Jingoism VS. Empire
Now, in the latter part of the 19th century, a cheap, shallow, mindless militarism appeared amongst a certain portion of the population in Britain. This short-sighted, militaristic egotism was nicely expressed in the refrain of a popular music-hall ditty (‘Macdermott’s War Song’): “We don’t want to fight, but by jingo if we do/ We’ve got the ships, we’ve got the men / We’ve got the money too”.
The belligerence here is conditional. To embody the 21st century sentiment above -- the first line has to be unconditionally aggressive: “We _do_ want to fight, & by jingo _when_ we do…”
The ‘War Song’ came out in 1878. Early that year, Disraeli sent the navy to Constantinople, to prevent Russian forces from entering. (Lord Derby, the foreign secretary, resigned in protest.) War fever gripped many (not all) people in Britain -- & those who opposed Disraeli, termed this sabre-rattling, ‘jingoism’ (from the refrain of the War Song.) Jingoism, precisely because it is so bellicose & therefore can see only the very short-term, has always been recognised as a danger -- indeed, as in opposition to -- the long-term interests of a settled Empire.
Such myopic, bloodstained jingoism is all that Boot & his ilk have any knowledge of. They know nothing of long-term, slow-growing developments -- legal & cultural. Killing people is easy. But such blood-lust cannot build an Empire.
What Roman civilisation left behind was the foundation of what is now Western Europe: Roman law, the Romance languages, the Latin vocabulary in other languages, Latin & Latin literature, the road system, urban centres, etc. The Roman war machine, being destructive, left only some army usages (the layout of a British army camp still follows the Roman pattern.)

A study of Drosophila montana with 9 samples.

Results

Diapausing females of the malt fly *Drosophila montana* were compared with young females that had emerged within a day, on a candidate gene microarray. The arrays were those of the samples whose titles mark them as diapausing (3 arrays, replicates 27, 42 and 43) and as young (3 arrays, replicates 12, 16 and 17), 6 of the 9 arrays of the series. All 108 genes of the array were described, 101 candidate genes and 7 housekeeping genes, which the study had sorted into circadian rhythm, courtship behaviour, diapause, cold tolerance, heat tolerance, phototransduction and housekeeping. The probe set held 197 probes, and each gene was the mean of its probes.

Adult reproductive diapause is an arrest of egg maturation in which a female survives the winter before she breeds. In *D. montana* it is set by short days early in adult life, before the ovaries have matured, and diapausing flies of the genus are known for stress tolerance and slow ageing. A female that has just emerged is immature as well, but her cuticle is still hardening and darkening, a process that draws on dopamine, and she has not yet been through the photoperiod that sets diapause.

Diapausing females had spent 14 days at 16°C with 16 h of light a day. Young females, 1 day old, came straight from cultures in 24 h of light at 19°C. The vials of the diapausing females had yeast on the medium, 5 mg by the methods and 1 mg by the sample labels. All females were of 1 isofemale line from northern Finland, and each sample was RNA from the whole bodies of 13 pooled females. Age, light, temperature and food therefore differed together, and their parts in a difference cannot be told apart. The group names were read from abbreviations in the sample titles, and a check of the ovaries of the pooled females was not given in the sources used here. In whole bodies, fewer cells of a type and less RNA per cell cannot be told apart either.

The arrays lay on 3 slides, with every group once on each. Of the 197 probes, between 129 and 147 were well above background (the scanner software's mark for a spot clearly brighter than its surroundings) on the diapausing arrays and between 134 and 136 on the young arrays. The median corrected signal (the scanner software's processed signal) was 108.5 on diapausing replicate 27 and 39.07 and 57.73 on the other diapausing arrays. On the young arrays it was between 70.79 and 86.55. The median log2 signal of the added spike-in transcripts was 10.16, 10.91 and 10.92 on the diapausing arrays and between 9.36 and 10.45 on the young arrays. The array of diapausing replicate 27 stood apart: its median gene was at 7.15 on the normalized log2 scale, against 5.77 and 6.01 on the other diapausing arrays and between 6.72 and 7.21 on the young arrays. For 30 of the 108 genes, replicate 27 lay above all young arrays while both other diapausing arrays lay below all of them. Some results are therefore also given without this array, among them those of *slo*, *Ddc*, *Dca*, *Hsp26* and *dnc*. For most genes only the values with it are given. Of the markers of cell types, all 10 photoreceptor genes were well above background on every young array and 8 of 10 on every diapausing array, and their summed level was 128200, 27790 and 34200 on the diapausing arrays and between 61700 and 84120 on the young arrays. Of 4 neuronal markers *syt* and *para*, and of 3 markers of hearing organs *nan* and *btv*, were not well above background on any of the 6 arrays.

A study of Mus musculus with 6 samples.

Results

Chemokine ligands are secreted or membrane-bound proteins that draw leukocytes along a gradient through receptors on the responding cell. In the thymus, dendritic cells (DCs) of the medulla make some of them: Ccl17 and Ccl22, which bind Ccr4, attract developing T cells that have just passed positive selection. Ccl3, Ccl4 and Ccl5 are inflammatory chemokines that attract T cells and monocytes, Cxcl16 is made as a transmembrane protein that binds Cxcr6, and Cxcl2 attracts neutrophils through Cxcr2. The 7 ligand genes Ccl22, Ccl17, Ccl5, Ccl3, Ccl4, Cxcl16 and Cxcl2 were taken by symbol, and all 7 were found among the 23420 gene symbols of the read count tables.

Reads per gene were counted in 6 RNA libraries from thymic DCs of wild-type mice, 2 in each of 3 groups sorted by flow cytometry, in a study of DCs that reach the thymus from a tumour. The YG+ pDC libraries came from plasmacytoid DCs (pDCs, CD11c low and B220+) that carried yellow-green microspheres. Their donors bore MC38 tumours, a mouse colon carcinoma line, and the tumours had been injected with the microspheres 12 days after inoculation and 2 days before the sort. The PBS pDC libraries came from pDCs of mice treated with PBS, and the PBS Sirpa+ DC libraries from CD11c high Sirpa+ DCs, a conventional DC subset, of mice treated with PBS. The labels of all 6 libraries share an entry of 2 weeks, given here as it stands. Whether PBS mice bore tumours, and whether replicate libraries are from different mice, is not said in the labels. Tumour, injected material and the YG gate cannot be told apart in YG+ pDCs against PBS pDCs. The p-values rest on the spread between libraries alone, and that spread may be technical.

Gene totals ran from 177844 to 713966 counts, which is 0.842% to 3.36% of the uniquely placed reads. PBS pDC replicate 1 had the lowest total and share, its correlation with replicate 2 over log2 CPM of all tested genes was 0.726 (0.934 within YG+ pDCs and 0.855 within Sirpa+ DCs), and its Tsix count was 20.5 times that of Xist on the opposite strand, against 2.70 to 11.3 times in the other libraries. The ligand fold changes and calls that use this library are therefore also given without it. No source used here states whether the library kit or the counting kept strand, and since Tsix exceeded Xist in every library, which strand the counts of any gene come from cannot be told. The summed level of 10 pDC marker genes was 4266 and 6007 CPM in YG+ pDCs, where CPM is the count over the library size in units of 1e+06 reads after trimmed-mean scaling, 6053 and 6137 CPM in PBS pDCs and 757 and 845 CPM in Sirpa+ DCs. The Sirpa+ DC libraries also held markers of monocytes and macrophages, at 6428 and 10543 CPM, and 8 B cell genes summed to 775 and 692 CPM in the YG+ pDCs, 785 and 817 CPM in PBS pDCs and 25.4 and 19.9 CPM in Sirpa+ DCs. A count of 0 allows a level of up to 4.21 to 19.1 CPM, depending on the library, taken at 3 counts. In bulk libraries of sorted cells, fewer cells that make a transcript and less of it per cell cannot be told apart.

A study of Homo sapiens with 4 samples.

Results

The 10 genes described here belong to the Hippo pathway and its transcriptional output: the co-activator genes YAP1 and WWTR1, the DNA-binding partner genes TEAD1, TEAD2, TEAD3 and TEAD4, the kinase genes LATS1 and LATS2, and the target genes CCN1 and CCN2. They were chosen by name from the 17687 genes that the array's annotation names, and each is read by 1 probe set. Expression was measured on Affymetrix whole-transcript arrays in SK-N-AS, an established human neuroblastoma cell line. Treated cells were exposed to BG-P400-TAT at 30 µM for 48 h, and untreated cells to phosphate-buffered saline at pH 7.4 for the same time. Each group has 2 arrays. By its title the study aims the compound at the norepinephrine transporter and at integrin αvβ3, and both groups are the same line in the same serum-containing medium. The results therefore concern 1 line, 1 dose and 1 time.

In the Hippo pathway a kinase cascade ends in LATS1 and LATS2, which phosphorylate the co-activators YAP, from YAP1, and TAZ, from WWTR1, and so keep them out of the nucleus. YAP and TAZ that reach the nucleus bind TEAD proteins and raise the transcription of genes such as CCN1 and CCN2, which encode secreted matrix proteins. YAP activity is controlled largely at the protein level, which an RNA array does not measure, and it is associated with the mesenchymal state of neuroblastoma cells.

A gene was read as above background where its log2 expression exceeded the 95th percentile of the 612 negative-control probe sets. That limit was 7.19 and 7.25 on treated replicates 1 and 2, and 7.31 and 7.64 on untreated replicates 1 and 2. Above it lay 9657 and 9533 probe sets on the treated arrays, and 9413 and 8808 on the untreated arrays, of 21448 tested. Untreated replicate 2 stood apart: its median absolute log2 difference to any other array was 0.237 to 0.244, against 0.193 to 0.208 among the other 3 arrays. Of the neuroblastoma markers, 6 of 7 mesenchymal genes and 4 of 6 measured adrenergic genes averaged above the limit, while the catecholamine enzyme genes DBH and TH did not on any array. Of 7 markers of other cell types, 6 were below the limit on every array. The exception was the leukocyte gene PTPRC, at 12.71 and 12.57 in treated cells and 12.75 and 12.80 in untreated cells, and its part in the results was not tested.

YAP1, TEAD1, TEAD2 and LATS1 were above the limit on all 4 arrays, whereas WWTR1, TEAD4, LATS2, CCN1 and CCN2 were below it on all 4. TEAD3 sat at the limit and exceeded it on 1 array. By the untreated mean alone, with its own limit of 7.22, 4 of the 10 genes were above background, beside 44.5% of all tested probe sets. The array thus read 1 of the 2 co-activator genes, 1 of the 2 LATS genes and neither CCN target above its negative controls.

During the British Imperial period British settlers in Australia, New Zealand, Canada, South Africa & East Africa in effect extended British society overseas. In other territories, this period left the common law, the English language & its literature, a whole host of cultural practices -- from schools & universities to political institutions, to administration, newspapers, cricket, etc. Thus it produced a distinctive set of cultural traits & links amongst a number of peoples. I quote from Mark Steyn -- a Canadian -- in the Spectator 13 August 2005 [http://www.spectator.co.uk/contents.php]:
“ ‘British’ was the prototype multiethnic nationality: if you were a doctor from Kingston-on-Thames or a nurse from Kingston, Jamaica, or an assistant choreographer from Kingston, Ontario, you were British — and….race didn’t come into it. [In] law, there was no distinction between a British subject in Wales and a British subject in Tobago. Britishness was…a genuinely multicultural identity…. It’s always been the great outward, global, embracing identity”.
Most definitely not. Except for the 'anciennes colonies' in the West Indies, the French distinguished between those who had assimilitated completely -- turned into mini-Frenchmen -- & others. The latter were 'sujets' -- subjects; only a tiny handful (the former) were full French citizens (perhaps a few thousand.)The French went in for lofty aims -- the spread of civilisation ; the British just wanted peace & trade. -- See Prosser Gifford & Wm Roger Louis eds, France & Britain in Africa (Yale UP 1971.)
Only after 1945 was French citizenship granted to African subjects, but not, I think, to those in Indochina.
David T. Beito - 8/14/2005
Did the multi-ethnic identity exist to the same extent for subjects of the French colonial empire?